Day One is working with youth to end dating abuse.
- Join us on February 20 when Day One and the NYC Alliance Against Sexual Assault partner to bring a free skill-building workshop to professionals that work with youth. For more details or to register, Click Here.
- Help us achieve our mission by biking in the 2014 TD Five Boro Bike Tour on May 4, 2014. Contact: 5Boro@dayoneny.org.
Examining Consent and Coercion
Helping young people navigate the subtle abusive tactics of consent and coercion can be complex. Here's one story about how coercion can play out with tips for you on how to respond.
Claudia and Dennis met when they were both 16 and started to date after 4 months. Later in the year, while Dennis' parents were going through a difficult divorce, he became jealous and possessive of Claudia, wanting to know where she was and who she was with at all times. When Claudia tried to talk about Dennis' behavior with him, he would say he was in a bad place and that her talking negatively about their relationship would make him more depressed. One night, after an argument about Claudia doing homework at a classmate's house, Dennis told her that he would kill himself if he ever heard she was at another boy's house again. He said he was just too depressed and had too much going on to have to worry about her, too.
Coercion means pressuring someone to do something the person doesn't want to through force or threats. People can be coerced into many things in an unhealthy or abusive relationship, including sex, criminal behavior, financially supporting someone, or staying in a relationship out of fear that someone will hurt themselves or another person.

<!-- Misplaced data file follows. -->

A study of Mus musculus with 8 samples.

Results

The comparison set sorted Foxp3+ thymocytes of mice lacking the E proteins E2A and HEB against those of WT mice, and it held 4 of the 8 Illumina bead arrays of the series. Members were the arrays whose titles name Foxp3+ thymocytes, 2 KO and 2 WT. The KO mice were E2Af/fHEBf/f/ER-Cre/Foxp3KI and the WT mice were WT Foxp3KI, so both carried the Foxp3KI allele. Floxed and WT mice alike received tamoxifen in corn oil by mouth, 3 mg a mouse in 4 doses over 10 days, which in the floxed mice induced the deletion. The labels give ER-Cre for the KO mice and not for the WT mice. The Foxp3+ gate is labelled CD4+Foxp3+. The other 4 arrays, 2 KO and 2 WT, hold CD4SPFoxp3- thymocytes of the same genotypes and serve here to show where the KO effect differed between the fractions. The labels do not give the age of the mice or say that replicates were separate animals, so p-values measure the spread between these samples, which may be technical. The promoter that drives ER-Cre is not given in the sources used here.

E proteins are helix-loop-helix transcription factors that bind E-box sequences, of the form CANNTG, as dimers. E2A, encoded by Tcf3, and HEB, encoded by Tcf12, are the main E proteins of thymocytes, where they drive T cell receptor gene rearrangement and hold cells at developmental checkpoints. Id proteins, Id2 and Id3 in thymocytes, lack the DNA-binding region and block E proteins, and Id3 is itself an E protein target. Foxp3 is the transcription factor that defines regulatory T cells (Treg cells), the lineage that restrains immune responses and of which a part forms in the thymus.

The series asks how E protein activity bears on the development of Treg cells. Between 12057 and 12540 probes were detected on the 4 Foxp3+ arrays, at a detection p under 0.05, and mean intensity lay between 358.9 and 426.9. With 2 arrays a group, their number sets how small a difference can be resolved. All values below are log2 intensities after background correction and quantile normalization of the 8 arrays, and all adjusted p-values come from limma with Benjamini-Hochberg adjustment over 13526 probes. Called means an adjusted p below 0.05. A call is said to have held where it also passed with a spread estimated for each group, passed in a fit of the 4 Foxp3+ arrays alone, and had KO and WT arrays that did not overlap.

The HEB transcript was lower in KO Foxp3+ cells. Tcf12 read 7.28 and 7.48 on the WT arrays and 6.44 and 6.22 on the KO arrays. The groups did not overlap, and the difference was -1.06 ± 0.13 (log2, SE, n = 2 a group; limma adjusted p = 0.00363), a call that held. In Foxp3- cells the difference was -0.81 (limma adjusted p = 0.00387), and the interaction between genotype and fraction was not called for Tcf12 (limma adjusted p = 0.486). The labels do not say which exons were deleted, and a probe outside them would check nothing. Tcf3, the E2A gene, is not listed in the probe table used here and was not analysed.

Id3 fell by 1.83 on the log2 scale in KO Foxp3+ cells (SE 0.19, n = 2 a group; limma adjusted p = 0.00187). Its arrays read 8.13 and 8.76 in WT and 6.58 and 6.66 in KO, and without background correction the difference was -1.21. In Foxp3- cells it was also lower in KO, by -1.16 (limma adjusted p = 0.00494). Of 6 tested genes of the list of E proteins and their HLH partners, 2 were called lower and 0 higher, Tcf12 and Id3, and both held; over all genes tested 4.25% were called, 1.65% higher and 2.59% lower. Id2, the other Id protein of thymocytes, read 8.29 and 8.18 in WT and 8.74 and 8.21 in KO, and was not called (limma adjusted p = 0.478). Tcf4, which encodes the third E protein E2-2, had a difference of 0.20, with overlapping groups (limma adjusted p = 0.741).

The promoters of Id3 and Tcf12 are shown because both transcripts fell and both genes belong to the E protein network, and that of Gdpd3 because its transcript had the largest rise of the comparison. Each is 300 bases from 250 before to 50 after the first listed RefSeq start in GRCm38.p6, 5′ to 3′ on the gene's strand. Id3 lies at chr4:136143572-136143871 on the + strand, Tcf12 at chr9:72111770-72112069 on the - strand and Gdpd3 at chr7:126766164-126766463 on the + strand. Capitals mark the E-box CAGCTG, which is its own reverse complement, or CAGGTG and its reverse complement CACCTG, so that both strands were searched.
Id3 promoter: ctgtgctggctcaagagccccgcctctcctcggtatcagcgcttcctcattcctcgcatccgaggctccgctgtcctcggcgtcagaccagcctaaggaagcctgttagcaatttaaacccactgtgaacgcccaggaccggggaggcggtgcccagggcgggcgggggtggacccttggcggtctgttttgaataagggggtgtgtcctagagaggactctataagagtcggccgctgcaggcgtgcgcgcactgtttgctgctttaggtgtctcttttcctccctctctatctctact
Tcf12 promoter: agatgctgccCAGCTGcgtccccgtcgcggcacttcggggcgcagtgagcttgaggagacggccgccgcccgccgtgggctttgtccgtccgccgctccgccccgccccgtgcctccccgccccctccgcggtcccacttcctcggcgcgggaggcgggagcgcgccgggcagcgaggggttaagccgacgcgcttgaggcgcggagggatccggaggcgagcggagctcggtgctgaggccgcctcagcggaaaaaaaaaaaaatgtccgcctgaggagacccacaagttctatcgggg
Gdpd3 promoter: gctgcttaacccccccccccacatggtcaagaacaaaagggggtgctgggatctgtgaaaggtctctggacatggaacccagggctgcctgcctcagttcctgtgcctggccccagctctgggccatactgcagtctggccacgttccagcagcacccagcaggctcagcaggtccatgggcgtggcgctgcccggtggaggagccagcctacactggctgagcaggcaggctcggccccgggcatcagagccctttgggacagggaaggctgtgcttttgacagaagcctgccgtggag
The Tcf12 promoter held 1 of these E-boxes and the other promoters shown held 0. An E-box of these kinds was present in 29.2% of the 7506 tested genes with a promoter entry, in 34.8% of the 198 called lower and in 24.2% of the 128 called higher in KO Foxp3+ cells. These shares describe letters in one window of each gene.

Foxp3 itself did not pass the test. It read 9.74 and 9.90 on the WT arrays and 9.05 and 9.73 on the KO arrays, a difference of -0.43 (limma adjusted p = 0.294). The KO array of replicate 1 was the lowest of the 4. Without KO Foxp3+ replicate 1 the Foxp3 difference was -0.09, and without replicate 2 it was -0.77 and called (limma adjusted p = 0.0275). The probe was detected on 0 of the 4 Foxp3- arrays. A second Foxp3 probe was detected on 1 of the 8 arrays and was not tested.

Challenge: How can Claudia know if Dennis is suicidal, or if he's just coercing her to do what he wants using abusive strategies? Is Dennis just trying to maintain control over Claudia through threats of suicide?
What are some things for Claudia to consider when she is thinking about what to do?
What are some things for adults who know Claudia and Dennis to consider?
If you are under 24 years old and you believe that someone is coercing you into behavior you are uncomfortable with, call Day One at 1-800-214-4150 for a free consultation.
Day One is the only organization in New York City solely devoted to the issue of teen dating violence. Working alongside youth, Day One educates, organizes and advocates on behalf of young people at risk of or experiencing intimate partner violence.
Day One focuses on young people because one in three teens experiences abuse in a dating relationship according to the United States Department of Justice. The most recent New York City Teen Health Risk Survey found that one in ten teenagers had experienced physical or sexual assault in a dating relationship within the previous year.
In each of our programs, Day One looks forward to new beginnings for youth. We engage young people in identifying methods of keeping themselves and their peers safe, and together envision a future without fear of abuse. Community involvement is critical to our ability to help young people. For more information on how you can get involved, check out the Get Involved section of our website, or please contact us to volunteer or make a contribution to support our services.